Supply of affordable housing takes piecemeal solution
Written by Susan Danseyar on October 25, 2016
A holistic approach to boosting the supply of affordable housing is the best one, say local experts, as there’s not a single policy tool that will lower the number of Miami’s working households paying an increasing percentage of their income on rent or mortgages.
Here in the Miami metro area, there are 275,000 working households that earn between 60% and 120% of the median income and are paying more than half of what they earn for their housing, said Stockton Williams, executive director of the Urban Land Institute’s Center for Housing, during a presentation sponsored by Holland & Knight last week.
“There is no one policy tool that in and of itself is going to make a dramatic difference on this problem,” he said. “The good news is a number of cities are starting to put together a set of solutions, a tool kit.”
An interactive response panel, joining Mr. Williams at the law firm for “Housing Affordability: What Moves the Needle Most,” included moderator Nick Inamdar, principal at The Gatehouse Group; Shekeria Brown, executive director of the South Florida Community Development Coalition; and Matthew Ellish, associate general counsel for Property Markets Group.
They largely agreed with Mr. Williams that what most moves “the needle” toward a larger stock of affordable housing is a full set of public policies by local government, including incentives such as offering inclusionary zoning rules, which are zoning-based requirements that developers include a certain number of below-market-rate units in a mostly market-rate residential project; and dedicating local government revenue to funds that foster affordable housing. He said it’s important as well to preserve the existing stock of rental housing.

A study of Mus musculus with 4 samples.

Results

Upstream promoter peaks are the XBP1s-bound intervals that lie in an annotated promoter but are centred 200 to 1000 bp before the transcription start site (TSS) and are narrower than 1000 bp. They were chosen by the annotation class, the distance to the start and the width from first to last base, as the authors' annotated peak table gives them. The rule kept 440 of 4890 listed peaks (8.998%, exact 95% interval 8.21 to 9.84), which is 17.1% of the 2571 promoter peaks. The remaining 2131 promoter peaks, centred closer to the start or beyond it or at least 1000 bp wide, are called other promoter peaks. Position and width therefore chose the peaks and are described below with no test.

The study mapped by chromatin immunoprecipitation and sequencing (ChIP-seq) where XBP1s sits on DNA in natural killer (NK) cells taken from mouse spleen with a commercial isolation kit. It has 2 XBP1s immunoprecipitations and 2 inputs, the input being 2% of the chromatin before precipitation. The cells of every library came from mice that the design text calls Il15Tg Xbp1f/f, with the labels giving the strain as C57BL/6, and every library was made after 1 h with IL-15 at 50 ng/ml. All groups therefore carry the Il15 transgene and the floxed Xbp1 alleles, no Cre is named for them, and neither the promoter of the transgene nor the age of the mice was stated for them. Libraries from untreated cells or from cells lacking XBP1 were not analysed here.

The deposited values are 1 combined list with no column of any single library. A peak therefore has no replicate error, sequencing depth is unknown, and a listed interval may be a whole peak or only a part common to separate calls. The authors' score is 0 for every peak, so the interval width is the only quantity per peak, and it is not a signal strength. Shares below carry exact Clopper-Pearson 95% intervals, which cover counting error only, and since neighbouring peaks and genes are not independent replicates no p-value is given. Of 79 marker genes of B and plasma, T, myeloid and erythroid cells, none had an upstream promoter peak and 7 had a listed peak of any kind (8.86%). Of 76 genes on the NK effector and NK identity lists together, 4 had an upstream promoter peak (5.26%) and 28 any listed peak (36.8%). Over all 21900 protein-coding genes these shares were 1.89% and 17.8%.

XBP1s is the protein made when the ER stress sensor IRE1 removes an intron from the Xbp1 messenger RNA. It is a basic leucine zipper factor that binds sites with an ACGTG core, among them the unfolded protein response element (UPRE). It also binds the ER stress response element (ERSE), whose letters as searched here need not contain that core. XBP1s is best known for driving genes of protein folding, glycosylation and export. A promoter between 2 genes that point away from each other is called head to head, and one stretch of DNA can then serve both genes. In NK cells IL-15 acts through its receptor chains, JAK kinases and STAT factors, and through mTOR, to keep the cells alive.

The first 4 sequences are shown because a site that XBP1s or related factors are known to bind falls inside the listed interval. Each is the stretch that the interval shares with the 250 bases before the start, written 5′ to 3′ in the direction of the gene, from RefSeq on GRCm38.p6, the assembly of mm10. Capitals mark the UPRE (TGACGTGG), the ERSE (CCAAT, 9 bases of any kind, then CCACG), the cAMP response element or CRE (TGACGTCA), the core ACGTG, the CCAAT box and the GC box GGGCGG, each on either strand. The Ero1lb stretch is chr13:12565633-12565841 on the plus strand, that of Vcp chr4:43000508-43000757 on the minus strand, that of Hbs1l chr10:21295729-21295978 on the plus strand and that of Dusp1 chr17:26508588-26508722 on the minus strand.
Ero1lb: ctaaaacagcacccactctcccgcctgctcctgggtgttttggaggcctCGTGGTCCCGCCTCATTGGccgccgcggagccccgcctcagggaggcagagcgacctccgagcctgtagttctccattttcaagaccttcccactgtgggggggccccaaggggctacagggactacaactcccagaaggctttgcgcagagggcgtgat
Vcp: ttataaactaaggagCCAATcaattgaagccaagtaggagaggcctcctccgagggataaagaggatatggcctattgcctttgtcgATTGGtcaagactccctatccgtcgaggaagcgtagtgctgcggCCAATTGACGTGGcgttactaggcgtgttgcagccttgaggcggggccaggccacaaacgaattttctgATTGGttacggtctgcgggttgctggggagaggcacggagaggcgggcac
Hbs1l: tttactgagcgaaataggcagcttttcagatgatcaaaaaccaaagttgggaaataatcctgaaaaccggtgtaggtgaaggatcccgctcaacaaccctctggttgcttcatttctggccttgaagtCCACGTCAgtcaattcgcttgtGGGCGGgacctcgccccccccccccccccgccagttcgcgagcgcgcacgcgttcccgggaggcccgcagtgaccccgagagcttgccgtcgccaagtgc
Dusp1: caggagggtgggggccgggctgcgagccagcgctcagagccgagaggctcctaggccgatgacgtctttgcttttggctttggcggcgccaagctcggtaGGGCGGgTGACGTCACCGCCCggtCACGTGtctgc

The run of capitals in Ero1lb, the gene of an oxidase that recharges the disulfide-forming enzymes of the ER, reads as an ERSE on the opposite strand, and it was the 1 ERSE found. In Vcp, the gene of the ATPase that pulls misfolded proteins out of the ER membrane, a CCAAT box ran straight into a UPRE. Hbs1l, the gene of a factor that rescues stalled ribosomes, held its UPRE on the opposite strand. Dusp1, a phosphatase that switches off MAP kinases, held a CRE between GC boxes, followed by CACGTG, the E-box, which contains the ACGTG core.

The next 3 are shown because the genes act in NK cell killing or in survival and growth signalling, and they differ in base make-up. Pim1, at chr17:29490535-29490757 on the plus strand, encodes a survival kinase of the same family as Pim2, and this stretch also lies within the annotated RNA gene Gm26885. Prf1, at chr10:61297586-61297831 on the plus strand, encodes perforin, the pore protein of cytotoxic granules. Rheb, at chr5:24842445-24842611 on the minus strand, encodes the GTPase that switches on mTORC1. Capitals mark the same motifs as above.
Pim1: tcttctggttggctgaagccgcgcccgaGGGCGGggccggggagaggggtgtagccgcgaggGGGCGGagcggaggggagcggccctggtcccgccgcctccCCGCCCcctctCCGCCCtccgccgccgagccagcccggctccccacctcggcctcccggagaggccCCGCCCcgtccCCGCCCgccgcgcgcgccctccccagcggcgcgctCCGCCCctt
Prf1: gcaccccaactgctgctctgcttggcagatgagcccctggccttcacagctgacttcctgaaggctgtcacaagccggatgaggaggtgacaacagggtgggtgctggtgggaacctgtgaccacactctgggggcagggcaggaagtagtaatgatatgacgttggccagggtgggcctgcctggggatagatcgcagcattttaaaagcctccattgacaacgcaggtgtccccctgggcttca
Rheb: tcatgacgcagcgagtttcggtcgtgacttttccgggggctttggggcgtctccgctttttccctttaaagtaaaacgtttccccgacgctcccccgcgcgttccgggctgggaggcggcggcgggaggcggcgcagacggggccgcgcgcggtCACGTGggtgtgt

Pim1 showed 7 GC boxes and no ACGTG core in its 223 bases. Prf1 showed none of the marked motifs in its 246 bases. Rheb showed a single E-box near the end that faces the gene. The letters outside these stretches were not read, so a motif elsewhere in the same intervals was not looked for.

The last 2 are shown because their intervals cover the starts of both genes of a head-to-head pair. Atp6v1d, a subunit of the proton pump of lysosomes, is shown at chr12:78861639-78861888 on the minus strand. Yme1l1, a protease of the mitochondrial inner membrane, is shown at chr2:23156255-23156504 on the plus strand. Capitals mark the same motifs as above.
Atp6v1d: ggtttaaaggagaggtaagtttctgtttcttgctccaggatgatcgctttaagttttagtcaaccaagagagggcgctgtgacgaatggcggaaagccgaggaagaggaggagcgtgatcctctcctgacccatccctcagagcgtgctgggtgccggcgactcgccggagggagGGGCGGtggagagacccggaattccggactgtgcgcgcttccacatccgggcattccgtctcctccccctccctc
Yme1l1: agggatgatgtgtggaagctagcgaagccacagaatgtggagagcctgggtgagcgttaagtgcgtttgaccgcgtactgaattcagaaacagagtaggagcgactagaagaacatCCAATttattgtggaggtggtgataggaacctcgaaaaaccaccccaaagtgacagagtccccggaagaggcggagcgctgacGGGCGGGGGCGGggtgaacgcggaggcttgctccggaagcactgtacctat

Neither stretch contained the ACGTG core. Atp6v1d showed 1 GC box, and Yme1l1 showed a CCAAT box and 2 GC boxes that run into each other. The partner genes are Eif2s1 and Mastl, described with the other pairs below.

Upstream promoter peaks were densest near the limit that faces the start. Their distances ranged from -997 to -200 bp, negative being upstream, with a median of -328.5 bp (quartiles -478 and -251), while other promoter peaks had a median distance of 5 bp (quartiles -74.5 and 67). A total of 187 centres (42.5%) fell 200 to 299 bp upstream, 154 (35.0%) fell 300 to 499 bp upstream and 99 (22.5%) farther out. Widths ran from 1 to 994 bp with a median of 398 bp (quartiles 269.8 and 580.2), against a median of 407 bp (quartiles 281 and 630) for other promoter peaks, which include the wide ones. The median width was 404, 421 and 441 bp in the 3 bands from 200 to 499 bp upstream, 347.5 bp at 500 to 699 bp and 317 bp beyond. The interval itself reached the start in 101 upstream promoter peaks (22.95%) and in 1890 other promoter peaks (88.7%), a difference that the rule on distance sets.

In South Florida, Mr. Williams said, there’s a lot of Class C, so-called naturally occurring housing stock in small buildings – some 75,000 units in the City of Miami with one- and two-bedrooms renting for about $1,200 per month. For workforce housing, he said, these are vitally important, so it behooves local government to provide policy opportunities for developers to acquire and preserve them while at the same time be able to make income.
Around the country, Mr. Williams said, municipalities are starting to do this through new equity fund models, namely in Denver, New York and San Francisco, where developers can make a return on their investment in return for maintaining this supply of housing.
“The development community will find it increasingly difficult to make the numbers work, so having some sources of housing trust funds are important,” he said. The dedicated local revenues could come from impact fees and a percentage of real estate transfer taxes, for example.
Ms. Brown said the main issue in South Florida is income level: the average is $40,000, and within the city of Miami it’s $30,000. “Salaries have not increased,” she said. “Also, there’s a problem with the housing stock. A lot of so-called affordable housing is substandard.”
Ms. Brown said our workforce is not living in some of the beautiful buildings being built in South Florida, particularly in Miami.
She advised local government look into streamlining the permitting process to encourage development and pay more of the infrastructure costs associated with small-scale renovations of existing rental housing.
Miami-Dade County Commissioner Xavier Suarez said a third factor affecting affordable housing is transportation. “You can’t get to downtown via public transit and you can barely afford to drive here given the tolls,” he said. “We have a horrendous, non-functioning system here.”
The demand for housing close to the inner city is so great, but so are the costs, Mr. Suarez said. “A lot of inner-city neighborhoods have low land costs, but even areas like Wynwood are getting expensive.”
Developers may want to build more affordable units but are forced to build luxury homes as the numbers work for them, said Mr. Ellish.
“How do we look at this long term?” he asked. “We need a holistic look at incentives and the challenge is there are so many different markets here.”
The density bonus incentive will be more attractive for a downtown developer than for one in Miami Beach, Mr. Ellish said. “This is a challenging market for the toolkit.”